Facebook may treasure the data it has on its one billion-plus users for its advertising returns, but the analysis the site performs on that data is expected to continue to pose numerous challenges over the coming year, an engineer said.
The problems, which Facebook has been forced to grapple with "much sooner than the broader industry," include figuring out more efficient ways to process user behaviour on the site, how to better access and consolidate different types of data across Facebook's multiple data centres, and devising new open source software systems to process that data, according to Ravi Murthy, who manages Facebook's analytics infrastructure.
"Facebook is a data company, and the most obvious thing people think of on that front is ads targeting," he said at an industry conference in San Francisco, during a talk on Facebook's back-end infrastructure, data analytics and open source projects.
"But it goes deeper than this," he said.
One major area of behind-the-scenes work relates to Facebook's analytics infrastructure, which is designed to accelerate product development and improve the user experience through deep analysis of all the available data, whether it consists of the actions users take on the site like posting status updates or which applications they use within Facebook on different devices.
Facebook currently uses several different open source software systems known as Hadoop, Corona and Prism to process and analyse its data, which the company will focus on making faster and more efficient over the next 6-12 months, Murthy said.
Many of the company's challenges are tied to what Facebook refers to as its data warehouse, which combines data from multiple sources into a database where user activity can be analysed in the aggregate, such as by giving a daily report on the number of photos that have been tagged in a specific country, or looking at how many users in a certain area have engaged with pages that were recommended to them.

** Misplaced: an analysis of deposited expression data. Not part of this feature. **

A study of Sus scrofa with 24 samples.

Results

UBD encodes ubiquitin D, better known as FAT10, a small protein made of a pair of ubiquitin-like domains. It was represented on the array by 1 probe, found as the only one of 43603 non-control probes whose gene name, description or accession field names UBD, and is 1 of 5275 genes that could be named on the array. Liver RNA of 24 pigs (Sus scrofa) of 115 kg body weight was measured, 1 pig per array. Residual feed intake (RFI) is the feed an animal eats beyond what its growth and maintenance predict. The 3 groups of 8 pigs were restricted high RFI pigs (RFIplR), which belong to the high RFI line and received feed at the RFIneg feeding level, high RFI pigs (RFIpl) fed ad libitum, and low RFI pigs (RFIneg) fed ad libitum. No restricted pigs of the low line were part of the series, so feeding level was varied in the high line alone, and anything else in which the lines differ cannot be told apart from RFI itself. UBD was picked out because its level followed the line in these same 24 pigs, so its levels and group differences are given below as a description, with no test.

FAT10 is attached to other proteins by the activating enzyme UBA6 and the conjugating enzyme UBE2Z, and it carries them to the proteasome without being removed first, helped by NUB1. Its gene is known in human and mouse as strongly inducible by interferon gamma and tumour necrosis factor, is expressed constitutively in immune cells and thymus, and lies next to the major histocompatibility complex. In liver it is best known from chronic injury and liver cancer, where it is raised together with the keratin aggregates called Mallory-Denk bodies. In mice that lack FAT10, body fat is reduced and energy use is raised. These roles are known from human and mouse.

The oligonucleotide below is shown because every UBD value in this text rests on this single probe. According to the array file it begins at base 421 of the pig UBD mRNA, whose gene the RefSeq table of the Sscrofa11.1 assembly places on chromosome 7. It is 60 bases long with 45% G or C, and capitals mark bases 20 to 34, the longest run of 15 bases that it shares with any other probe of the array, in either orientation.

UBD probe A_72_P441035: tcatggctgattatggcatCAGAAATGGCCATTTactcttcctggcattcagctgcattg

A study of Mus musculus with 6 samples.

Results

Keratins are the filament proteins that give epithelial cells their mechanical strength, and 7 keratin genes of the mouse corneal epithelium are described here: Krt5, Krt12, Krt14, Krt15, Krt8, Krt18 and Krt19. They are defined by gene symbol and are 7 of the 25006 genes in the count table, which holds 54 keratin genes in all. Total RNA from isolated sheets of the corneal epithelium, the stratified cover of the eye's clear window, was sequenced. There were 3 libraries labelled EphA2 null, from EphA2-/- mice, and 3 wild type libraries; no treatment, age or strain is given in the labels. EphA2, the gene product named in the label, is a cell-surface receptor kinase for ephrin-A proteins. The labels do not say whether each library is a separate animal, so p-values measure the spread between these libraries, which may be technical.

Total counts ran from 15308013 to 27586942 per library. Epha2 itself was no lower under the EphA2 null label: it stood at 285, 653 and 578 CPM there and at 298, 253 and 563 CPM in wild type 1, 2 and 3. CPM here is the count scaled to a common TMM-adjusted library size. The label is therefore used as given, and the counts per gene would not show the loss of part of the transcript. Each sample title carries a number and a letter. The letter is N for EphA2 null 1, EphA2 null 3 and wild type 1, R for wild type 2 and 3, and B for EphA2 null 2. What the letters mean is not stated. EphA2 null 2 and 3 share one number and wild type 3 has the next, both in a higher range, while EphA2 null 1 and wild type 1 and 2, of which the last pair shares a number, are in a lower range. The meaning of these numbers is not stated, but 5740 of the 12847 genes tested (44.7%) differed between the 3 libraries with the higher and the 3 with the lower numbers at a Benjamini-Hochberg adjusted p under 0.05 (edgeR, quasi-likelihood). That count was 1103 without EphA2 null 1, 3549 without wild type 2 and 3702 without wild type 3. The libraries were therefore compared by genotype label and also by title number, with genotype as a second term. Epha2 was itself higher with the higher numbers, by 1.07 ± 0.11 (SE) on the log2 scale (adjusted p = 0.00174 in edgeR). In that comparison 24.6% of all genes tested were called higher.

The analysis is designed to optimise the user experiences and find out what users like and don't like, but it also is becoming more taxing as Facebook is able to access more and more data about its users, Murthy said. Currently, the Facebook warehouse takes in 500 terabytes of new data every day, or 500,000 gigabytes. The warehouse has grown nearly 4,000-times in size over the last four years, "way ahead of Facebook's user growth," Murthy said.
To deal with these issues, Facebook has developed its Prism software system, which is designed to perform key analysis functions across the company's data centres worldwide, and split up the analyses into "chunks," Murthy said. That way, performing an analysis on, say, some metric related to users' news feeds won't clog up the warehouse more generally.
"We're increasingly thinking about how to capture this data," he said.
The company is also working on a system that takes a completely different approach to query the warehouse to give a response time within a matter of seconds, Murthy said.
Another area Facebook is continually looking at improving is its "transactional infrastructure," which handles the more basic, day-to-day data processing of, say, likes, comments and status updates to keep the social network running smoothly. Some of the questions the company's engineers and analysts are looking at include figuring out how to forecast the actual growth in this type of data, and how much computing Facebook should really allot for it, Murthy said.
"Can we predict what it's going to be six months from now?" he said.
Meanwhile, Facebook is also involved in a long-term effort to make its physical servers more efficient. The company began its Open Compute Project in 2011, with the goal of designing modularised servers that give customers greater control over the networking, memory, power supplies and other components that go into their servers. It was expanded to incorporate ARM processors in January.